A communion in disparate communities
There was a time when everyone broke the bread, even though the larger part of the loaf went to the few as freshly baked and the leftover part of the loaf that went to the most was stale and barely edible.
Yet, the many were hungry and made do with the piece of bread they got whilst asking for more of the loaf and a having it fresh too.
Besides that unequal sharing of the loaf, the few that had the fresh loaf also had butter and jam to spread on their slices of bread, it was a good life for them.
The thinner spread of yummy
Then there came a more equitable sharing of the loaf, not necessarily equal, not by any stretch of the imagination, however, there was no increase in the jam and butter spread, this meant that for every slice of bread there was a thinner spread and less of a satisfactory bite for all.
Yet, to compare the confectioners before equity to those after would be to miss the point that more jam had to be made and more butter churned to give a healthier spread to all.
The scale of the problem then
That, in a nutshell, is the story of South Africa in the Apartheid times when infrastructure and services were built to serve the minority and then post-Apartheid the same infrastructure was to stretch to serve all.
It has meant the black majority government has been met with challenges of inheriting working infrastructure and scaling that up with the same standard to serve all South Africans. However, this knowledge and plausible excuse can only go on for so long, we are 21 years into black majority rule and the need for seriously noticeable change for the better for the majority cannot be overlooked.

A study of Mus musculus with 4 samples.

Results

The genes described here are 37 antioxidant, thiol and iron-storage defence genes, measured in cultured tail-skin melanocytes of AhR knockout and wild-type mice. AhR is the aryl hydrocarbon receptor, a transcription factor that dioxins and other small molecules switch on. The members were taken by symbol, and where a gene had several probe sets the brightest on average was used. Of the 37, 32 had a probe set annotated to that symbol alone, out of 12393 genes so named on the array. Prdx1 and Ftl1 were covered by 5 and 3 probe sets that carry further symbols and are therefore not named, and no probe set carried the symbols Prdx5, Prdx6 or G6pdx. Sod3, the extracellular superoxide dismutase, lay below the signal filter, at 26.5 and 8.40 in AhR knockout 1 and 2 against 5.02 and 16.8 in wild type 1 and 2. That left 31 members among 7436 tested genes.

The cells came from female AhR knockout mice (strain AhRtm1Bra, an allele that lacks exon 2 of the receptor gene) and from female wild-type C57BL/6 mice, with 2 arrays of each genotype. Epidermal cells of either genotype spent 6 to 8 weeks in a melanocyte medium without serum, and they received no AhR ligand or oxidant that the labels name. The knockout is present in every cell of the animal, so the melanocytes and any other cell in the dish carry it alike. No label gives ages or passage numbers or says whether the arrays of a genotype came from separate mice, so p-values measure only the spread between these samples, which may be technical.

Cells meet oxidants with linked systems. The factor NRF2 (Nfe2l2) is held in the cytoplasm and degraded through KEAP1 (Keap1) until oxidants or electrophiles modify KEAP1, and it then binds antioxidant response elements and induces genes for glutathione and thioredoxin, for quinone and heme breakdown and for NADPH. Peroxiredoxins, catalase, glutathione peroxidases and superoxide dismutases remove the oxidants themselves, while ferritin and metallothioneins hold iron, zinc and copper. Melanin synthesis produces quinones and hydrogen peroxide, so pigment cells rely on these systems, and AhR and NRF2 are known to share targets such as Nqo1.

The time for excuses is fast ending
The need for greater accountability of the leadership that has taken the larger racial constituency for granted is more pressing than ever, the opposition also needs to up their game and begin to present themselves as a real and viable alternative for leadership, government, progress and development.
South Africa has both promise and potential, it needs to touch the seemingly inconsequential that for whatever reason lives from hand to mouth, whose future only appears to extend to the next minute and it would be ambitious to see beyond the next hour.
We cannot avoid it
Those realities cannot be ignored, as we cocoon ourselves in the prosperous areas, we have to traverse the pathways between the conurbations of the privileged where we see a grimmer reality and the temptation to say, South Africa is not working for the majority.
That is the lesson I learnt from my fellow passenger as I was flying from Paris to Johannesburg.